The Disney family investment company agitates for change at the Dallas building materials supplier and is pushing to place three of its people on the company's seven-member board

September 28, 2009|W.J. Hennigan

It was founded by the family that built the Happiest Place on Earth. But for many executives on the opposite side of the boardroom, Shamrock Holdings Inc. has been more like a house of horrors.

A few years ago, the Burbank investment company owned by Roy E. Disney led a revolt to oust Walt Disney Co.'s then-chief executive, Michael Eisner. It not only was intensely bitter but also thrust the little-known firm into the limelight.

Now it's at it again, this time agitating for change at one of the nation's largest cement makers.

Shamrock, created as an investment vehicle for the Disney family, is clashing with Texas Industries Inc., a Dallas company that it says has potential but is being run poorly. For months, Shamrock has criticized Texas Industries Chairman Robert D. Rogers, saying he runs the company as a "personal fiefdom."

"He doesn't seem to care one way or another about the shareholders," said Stanley P. Gold, Shamrock's president and chief executive. "By almost any metric, the company is underperforming."

For The Record
Los Angeles Times Tuesday, September 29, 2009 Home Edition Main News Part A Page 4 National Desk 1 inches; 55 words Type of Material: Correction
Shamrock Holdings: An article in Business on Monday about Shamrock Holdings Inc.'s efforts to make changes at Texas Industries Inc. said the Burbank investment company owns shares in Panera Bread. Shamrock sold its stake in Panera in November 2008. The article also said Texas Industries had a seven-member board. The firm's board has nine members.

Texas Industries is the latest among a slew of companies that has been on the wrong side of Shamrock and has paid the price.

Shamrock has shaken up companies both big and small. In an unusual show of investor activism, it has toppled chief executives and has pressured upper management to improve the bottom line. In 1984, it drove out another Disney chief executive, Ron Miller.

Its latest targets -- Rogers and Mel Brekhus, Texas Industries' chief executive -- believe Shamrock is angling for a takeover. Shamrock has been pushing to place three of its people on the company's seven-member board.

"We can only conclude that Shamrock is agitating for change of control of the company, which we believe will not serve the purpose of creating additional value for shareholders," the executives said in a letter to shareholders in August.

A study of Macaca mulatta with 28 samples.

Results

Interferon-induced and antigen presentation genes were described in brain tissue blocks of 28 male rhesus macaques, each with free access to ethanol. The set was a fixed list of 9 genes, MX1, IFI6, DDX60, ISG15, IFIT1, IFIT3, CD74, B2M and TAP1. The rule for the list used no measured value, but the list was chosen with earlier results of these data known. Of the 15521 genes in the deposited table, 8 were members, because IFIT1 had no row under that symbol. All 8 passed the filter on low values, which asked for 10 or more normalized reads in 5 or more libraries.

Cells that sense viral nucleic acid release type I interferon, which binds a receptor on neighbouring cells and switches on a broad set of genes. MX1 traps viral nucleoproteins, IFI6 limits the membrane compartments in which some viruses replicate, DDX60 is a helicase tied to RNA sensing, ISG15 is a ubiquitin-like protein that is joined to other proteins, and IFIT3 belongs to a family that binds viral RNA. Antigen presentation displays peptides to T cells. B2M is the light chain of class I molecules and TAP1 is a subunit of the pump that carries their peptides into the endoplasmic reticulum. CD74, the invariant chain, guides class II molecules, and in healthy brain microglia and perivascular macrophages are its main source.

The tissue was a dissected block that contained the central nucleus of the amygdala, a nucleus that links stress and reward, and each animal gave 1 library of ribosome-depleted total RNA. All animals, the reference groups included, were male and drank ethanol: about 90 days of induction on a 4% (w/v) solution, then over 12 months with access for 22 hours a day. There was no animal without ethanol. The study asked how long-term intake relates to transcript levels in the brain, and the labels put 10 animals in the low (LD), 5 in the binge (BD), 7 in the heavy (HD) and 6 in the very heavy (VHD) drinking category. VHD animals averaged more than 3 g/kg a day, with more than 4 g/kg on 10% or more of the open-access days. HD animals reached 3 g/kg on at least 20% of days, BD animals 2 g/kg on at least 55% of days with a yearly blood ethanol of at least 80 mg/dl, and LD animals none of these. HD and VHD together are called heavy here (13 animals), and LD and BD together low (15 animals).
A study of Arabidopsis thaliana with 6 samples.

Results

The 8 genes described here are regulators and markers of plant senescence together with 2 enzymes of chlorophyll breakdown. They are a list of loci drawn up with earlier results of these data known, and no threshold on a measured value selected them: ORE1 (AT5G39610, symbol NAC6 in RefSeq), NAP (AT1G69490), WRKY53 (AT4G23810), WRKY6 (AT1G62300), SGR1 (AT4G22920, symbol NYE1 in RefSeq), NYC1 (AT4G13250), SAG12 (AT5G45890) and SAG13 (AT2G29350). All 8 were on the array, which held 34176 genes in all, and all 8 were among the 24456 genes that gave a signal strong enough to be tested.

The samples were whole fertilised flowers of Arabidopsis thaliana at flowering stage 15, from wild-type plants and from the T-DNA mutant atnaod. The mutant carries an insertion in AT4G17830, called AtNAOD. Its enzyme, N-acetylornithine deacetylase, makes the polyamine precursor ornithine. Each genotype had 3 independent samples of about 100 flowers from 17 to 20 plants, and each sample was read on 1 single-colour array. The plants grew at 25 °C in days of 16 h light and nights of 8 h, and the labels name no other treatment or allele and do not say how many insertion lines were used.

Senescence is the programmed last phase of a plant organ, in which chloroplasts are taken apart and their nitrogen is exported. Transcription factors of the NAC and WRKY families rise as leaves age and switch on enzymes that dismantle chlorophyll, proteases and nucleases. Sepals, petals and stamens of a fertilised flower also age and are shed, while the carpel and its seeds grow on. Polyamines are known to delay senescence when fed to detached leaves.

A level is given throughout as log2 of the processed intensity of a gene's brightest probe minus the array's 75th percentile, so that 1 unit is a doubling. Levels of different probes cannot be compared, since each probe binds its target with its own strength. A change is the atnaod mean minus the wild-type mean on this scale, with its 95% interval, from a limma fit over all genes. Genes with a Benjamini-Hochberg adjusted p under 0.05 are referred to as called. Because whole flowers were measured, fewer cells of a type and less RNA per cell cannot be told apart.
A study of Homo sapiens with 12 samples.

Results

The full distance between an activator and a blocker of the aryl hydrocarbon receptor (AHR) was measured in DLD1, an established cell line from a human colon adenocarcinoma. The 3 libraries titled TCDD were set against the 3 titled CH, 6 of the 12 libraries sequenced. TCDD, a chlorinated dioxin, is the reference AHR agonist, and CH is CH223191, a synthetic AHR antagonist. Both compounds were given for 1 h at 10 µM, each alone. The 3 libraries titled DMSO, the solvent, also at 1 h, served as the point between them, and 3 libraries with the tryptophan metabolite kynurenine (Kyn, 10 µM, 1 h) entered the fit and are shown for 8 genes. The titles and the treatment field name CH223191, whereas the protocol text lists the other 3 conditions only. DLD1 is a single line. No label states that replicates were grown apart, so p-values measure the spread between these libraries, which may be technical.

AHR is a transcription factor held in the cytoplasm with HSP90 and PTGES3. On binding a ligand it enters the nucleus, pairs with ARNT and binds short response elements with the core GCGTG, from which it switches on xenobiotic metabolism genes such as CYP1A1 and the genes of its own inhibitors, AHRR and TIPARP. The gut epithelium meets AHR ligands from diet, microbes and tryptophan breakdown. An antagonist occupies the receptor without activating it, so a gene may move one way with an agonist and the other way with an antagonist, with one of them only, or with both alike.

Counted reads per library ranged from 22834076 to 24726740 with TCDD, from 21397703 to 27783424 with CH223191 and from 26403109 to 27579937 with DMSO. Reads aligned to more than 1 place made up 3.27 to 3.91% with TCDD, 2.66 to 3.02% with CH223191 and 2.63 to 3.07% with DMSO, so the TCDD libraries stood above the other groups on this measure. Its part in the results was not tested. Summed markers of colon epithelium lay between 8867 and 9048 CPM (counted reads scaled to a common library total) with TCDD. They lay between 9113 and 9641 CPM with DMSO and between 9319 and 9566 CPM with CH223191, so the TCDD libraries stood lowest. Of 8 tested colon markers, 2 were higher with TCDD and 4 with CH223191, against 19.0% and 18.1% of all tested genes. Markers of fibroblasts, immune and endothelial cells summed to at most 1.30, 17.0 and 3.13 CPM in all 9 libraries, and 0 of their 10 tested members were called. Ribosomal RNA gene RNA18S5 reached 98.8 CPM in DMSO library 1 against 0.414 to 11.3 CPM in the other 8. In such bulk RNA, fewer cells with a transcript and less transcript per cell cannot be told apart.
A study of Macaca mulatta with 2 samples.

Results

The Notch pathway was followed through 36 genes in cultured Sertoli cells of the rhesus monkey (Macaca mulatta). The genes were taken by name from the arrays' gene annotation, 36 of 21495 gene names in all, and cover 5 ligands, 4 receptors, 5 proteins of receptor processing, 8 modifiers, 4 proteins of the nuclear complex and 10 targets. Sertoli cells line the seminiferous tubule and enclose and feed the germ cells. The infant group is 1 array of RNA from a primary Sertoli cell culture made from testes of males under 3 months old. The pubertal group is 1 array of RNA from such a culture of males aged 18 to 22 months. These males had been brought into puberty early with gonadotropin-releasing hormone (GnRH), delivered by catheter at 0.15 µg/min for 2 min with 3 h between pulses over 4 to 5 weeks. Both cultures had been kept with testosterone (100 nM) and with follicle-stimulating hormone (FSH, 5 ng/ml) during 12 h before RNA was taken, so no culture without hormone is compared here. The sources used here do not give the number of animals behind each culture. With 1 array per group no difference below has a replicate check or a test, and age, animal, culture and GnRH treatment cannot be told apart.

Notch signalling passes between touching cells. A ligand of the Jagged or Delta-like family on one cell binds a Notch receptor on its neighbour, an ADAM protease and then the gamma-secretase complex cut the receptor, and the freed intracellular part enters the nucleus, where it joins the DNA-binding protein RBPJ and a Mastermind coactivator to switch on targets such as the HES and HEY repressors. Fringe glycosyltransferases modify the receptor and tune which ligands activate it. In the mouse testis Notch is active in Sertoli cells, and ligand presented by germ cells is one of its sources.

Shamrock's Gold says his firm is merely trying to carry out its long-standing mission: hunt down businesses it believes are poorly run and whose shares are trading below value. When Shamrock finds a company that fits this mold, it invests heavily and lays out a plan to turn the company around. "We're a company that enjoys a challenge," Gold said. "We are serious investors that are tough but always fair."

Gold, 67, has been the driving force behind Shamrock since it was founded in 1978 by Walt Disney's nephew Roy Disney. Gold, a Los Angeles native, previously worked as a lawyer specializing in corporate acquisitions, restructurings, sales and financing.

Gold's intense competitiveness has set the tone for Shamrock. Gold races Porsches -- an endeavor he calls a "hobby," and often has a half-chewed cigar in his hands that he frequently uses as a baton to emphasize a point.

Under Gold, Shamrock has gone from an investment fund mainly used as a vehicle to diversify the Disney family's wealth into a multi-pronged investment company that includes five private equity funds with $2 billion in assets. The Disney family has about $200 million invested in Shamrock.

Its wide-ranging interests have included a Spanish-language media company, Latin Communications Group, and a soybean processor, Central Soya Co. It currently holds stakes in Panera Bread and Coinstar Inc.

Gold, who has strong political ties to Israel, has also pushed Shamrock to invest more than $400 million in companies in that country. Shamrock says it has had about 30% returns on its investments in the Israeli companies.

John Myers, former chief executive of GE Asset Management, which invests with Shamrock, said he was initially skittish about Shamrock's investments in Israel because of the long history of violence and instability in the region. But when he saw Gold's personal relationships with Israeli political heavyweights such as Prime Minister Benjamin Netanyahu and Defense Minister Ehud Barak, Myers was impressed.

"I haven't seen an American businessman that's better connected over there," Myers said.

Although Roy Disney owns the firm, he turned over the day-to-day operations to Gold from the company's inception. The two met in the early 1970s when Gold helped Disney buy a ranch in Oregon.

They make an awkward pair. Disney is a Republican and Gold is a Democrat. Disney is shy and Gold is outgoing. But it's a friendship that's been financially fruitful for almost 40 years. The company's historical internal rate of return on investments is about 25%, Gold said.

At times, Gold speaks about Disney, 79, more like he were a father figure than a business partner. "From the beginning, Roy has been our mentor," he said. "We take our guidance of integrity and quality from him."

Disney, who has been ill, hasn't visited Shamrock for some time, but his presence is felt throughout Shamrock's three-story office building in Burbank. Pictures of the man and the cartoons that made the Disney franchise famous line the walls on the top floor. Gold's office also features pictures of Disney, who bears an eerie resemblance to his uncle, Walt.